North Carolina Republican’s bill cancels House recess if spending bills haven’t passed

Rep. Chuck Edwards (R-N.C.) introduced a bill Wednesday that would keep the House working in August it fails to pass a complete slate of 12 appropriations bills.

The “Do Our Job Act” would cancel the August recess — the longest recess of the year — unless all the bills are passed.

“The American people don’t go home before their job is done, so why should Congress?” Edwards said in remarks from the floor Wednesday. “In the nearly five decades that our current appropriations process has been in place, Congress has only passed all 12 appropriations bills only four times. Four times in almost 50 years.”

“The American people have been far too generous with us, and their patience is wearing thin,” he continued. “We’re here to represent their interest and to keep this government running. It’s high time that we take our responsibility seriously, put our heads down, and get to work passing appropriations bills each year.”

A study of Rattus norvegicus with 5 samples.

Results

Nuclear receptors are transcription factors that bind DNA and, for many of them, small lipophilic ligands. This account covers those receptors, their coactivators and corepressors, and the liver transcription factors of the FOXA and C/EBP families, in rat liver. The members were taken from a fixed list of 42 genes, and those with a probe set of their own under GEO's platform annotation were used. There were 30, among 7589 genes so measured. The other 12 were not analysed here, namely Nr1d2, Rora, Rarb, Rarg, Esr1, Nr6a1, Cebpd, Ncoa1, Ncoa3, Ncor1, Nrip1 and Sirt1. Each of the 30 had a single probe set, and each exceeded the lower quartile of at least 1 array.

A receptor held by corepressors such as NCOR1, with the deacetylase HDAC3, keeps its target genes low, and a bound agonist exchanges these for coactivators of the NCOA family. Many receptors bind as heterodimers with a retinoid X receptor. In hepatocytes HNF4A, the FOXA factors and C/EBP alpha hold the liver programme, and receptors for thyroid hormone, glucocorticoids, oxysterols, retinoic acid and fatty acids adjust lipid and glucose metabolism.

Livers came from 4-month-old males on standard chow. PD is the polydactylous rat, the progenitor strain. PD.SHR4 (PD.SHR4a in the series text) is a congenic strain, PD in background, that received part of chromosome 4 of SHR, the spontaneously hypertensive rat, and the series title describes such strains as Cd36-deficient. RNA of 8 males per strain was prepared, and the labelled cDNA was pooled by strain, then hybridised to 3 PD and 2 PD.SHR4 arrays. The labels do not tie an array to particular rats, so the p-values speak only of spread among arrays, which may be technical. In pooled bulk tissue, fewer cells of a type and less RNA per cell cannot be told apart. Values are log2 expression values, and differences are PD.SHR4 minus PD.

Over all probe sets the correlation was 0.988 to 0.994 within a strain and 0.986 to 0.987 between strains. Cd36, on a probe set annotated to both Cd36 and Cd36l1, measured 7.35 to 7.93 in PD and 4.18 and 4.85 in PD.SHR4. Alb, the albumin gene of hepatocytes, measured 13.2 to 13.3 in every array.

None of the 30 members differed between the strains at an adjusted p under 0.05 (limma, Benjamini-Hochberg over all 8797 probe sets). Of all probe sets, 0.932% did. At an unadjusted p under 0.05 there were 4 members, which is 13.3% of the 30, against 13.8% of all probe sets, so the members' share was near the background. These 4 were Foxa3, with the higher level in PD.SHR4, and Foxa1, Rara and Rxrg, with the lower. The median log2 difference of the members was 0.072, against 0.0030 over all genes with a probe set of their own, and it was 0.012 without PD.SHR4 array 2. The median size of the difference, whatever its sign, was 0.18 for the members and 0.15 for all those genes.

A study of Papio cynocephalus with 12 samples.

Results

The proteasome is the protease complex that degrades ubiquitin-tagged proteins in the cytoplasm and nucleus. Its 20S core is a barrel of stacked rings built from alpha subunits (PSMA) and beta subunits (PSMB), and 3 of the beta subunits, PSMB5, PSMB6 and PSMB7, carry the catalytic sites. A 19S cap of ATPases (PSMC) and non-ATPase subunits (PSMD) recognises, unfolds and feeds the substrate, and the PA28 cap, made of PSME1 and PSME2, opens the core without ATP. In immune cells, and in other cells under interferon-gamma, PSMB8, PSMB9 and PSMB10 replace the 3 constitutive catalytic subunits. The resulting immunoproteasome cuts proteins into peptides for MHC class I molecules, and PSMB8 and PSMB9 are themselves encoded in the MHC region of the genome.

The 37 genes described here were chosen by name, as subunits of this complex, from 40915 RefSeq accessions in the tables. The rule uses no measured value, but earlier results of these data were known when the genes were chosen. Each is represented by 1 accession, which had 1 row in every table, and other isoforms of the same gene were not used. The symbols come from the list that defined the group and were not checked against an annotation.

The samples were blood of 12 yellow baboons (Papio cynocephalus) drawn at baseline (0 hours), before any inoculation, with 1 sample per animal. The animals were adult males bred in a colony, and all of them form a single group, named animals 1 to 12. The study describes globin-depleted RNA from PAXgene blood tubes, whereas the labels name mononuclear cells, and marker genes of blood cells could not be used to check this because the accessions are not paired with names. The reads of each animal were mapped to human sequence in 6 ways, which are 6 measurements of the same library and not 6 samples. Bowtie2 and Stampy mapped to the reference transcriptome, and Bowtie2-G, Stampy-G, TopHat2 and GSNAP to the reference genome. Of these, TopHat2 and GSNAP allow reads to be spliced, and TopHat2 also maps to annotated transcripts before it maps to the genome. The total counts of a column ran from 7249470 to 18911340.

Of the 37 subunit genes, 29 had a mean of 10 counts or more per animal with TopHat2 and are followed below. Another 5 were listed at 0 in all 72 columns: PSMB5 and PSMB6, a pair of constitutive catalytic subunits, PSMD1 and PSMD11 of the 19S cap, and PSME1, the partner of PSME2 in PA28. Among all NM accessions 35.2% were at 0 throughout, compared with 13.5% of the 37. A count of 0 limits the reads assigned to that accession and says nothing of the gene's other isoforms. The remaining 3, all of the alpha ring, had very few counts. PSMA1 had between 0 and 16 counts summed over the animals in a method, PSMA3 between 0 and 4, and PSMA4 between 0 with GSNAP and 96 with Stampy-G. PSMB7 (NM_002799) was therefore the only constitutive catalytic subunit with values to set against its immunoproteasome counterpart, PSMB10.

Passing all 12 bills has been a priority for the House GOP. The effort and debates surrounding it have contributed to the downfall of former Speaker Kevin McCarthy (R-Calif.) and rising discontent with Speaker Mike Johnson (R-La.).

Johnson has so far failed to reach a deal with the Senate on government funding, and the September funding deadline sets up another battle in the appropriations process that has dominated House work for a year.

During the months-long negotiations over fiscal 2024 funding, the House only passed seven of the 12 bills.

Seven weeks of work, including this week, remain until the end of the fiscal year on Sept. 30, which marks the deadline to pass the appropriations bills. The House has so far passed one spending bill for fiscal 2025, which funds the Department of Veterans Affairs and military construction.

Canceling the August recess would bump that total to 11 weeks of work, though the move would reduce the amount of time members could spend in their districts.

“If appropriations work is not done, we don’t go home. Simple is that,” Edwards said. “The American people deserve better than an 8 percent success rate for funding our government.”